In the two previous blogs my colleague Nick and I discussed developing a clear and complete baseline as well as the criticality of data and scope availability to adequately solicit pricing within the facilities category. Nick discussed how inventory management goes beyond just having a robust management system tied to parts, but also as it relates to operational equipment and scope data. One of the most important takeaways from Nick’s synopsis of a recent client engagement was how we lay the groundwork for future success. This is a great topic for organizations that are in a current state of disarray when it comes to their facilities operations.

Depending on the size and structure of the company, the role that the Facilities operation plays will vary. For example, a company based in manufacturing will likely have a bigger focus on Facilities as it ties directly to how they generate revenue, whereas an organization in the financial industry will focus less on Facilities or even outsource a majority of the work. Whether Facilities is regarded highly or not, it can still be neglected and easily become a category that falls into the unmanaged space from a cost and service level standpoint.

When a company places less of a focus on this category over time they will see a few key concerns arise.

1. Service levels are inconsistent or decreased overall.

2. Costs have increased over time and are not in line with the market based on the growth of the business and the scope of work.

3. The scope of work itself has shifted, either reduced or expanded over time.

4. If multiple locations are involved, multiple providers used for the same service.

These are just a few top issues that can result, while others exist, let’s just focus on these for now. When you have this type of exposure in the Facilities category, getting it organized and under a fully managed program is not something that will happen overnight. A plan of action with clear, logical steps is needed to course correct and some aspects could take years depending on the contracts in place. So where do you start?

First, get organized. Determine what subcategories are going to be reviewed as part of this process and then prioritize from there based on which areas have a bigger impact to the Facilities operation overall. This might include looking at Security Services, Landscaping, and Waste Management to start with a lower prioritization around HVAC Maintenance, Roof Repair Services, and Janitorial Services. This prioritization should be based on a number of factors including what contracts currently exist and what their timeframes are, the total cost of the contract, the criticality to the business (for example if Security Guard Services are customer facing it may hold a greater weight than HVAC Services), and if any major concerns around service levels exist currently.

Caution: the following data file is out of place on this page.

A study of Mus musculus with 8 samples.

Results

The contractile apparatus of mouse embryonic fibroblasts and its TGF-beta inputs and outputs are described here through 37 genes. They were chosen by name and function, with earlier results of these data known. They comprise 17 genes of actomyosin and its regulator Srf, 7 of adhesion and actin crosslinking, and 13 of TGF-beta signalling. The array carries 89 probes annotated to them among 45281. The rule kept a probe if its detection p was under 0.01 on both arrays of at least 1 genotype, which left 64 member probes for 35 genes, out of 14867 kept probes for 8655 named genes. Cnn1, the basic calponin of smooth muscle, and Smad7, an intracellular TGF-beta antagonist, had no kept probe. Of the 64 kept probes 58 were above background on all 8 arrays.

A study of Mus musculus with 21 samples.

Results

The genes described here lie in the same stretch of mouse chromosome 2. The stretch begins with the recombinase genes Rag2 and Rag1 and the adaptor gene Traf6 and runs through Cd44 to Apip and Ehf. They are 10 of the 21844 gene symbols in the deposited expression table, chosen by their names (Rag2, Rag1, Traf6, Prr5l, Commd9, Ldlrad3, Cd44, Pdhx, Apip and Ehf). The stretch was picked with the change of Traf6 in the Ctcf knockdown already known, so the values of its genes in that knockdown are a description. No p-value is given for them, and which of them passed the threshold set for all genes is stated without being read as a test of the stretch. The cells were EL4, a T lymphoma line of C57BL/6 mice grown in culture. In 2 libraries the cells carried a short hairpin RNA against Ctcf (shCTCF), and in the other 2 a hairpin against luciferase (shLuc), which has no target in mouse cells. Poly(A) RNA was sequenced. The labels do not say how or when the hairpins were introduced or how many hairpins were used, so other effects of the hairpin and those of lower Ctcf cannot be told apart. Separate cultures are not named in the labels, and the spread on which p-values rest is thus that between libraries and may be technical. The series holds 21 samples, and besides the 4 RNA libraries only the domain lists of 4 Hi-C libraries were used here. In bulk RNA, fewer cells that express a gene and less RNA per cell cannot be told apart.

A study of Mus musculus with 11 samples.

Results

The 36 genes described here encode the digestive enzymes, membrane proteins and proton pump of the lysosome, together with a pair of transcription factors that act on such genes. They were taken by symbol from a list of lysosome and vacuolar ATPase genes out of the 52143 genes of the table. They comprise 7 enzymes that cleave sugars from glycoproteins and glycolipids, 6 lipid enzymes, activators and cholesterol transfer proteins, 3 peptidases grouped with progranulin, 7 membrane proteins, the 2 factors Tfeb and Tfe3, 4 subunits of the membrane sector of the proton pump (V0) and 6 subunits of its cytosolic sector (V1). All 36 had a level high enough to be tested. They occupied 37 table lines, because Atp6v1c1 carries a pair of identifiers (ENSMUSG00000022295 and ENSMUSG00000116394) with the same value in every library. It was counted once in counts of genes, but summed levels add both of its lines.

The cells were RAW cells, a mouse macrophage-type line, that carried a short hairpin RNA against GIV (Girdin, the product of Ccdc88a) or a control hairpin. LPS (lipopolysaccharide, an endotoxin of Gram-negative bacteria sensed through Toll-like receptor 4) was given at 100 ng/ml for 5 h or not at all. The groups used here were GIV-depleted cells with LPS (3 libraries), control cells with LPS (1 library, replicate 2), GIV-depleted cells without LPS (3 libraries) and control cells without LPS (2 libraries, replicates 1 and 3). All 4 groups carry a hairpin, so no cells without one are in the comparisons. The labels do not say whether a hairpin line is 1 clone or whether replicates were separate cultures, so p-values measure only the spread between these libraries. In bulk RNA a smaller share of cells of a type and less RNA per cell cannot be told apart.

Once you have a plan for which subcategories to tackle first, make sure that all relevant data is collected and reviewed. This will include contracts, pricing agreements, scope of work documentation, and end user feedback. This information will help to further prioritize your efforts based on contract expiration for example. Additionally, you will be able to use this data to start building a solid baseline, as discussed previously.

Prioritization efforts will follow with developing and executing on an appropriate sourcing strategy based on what the primary drivers within the subcategory are. For example, if the services over time have become decentralized and spread over multiple suppliers in multiple locations, the strategy may be centered around consolidating to a single source provider. Based on this, you will need to understand the supply base beyond the regional level, ensuring that all others elements of quality and cost can be managed effectively.

Once the sourcing and awards are completed the process becomes more focused on managing the category going forward. This includes maintaining all contracts in a database with automated triggers for upcoming expirations, managing the suppliers through a structured supplier management program with designated KPIs as a basis, just to start. While these steps may seem logical and straightforward, there are always going to be situations that arise that will stall the process. It’s important to have a very solid plan ahead of facilitating any activity when looking to begin a category cleanup. Having the right resources and systems in place will also play a critical role in this type of initiative. In the next and final article in this series, we will take more specifically about resources and tools that can be leveraged to help manage the facilities category. Come back soon for this wrap-up!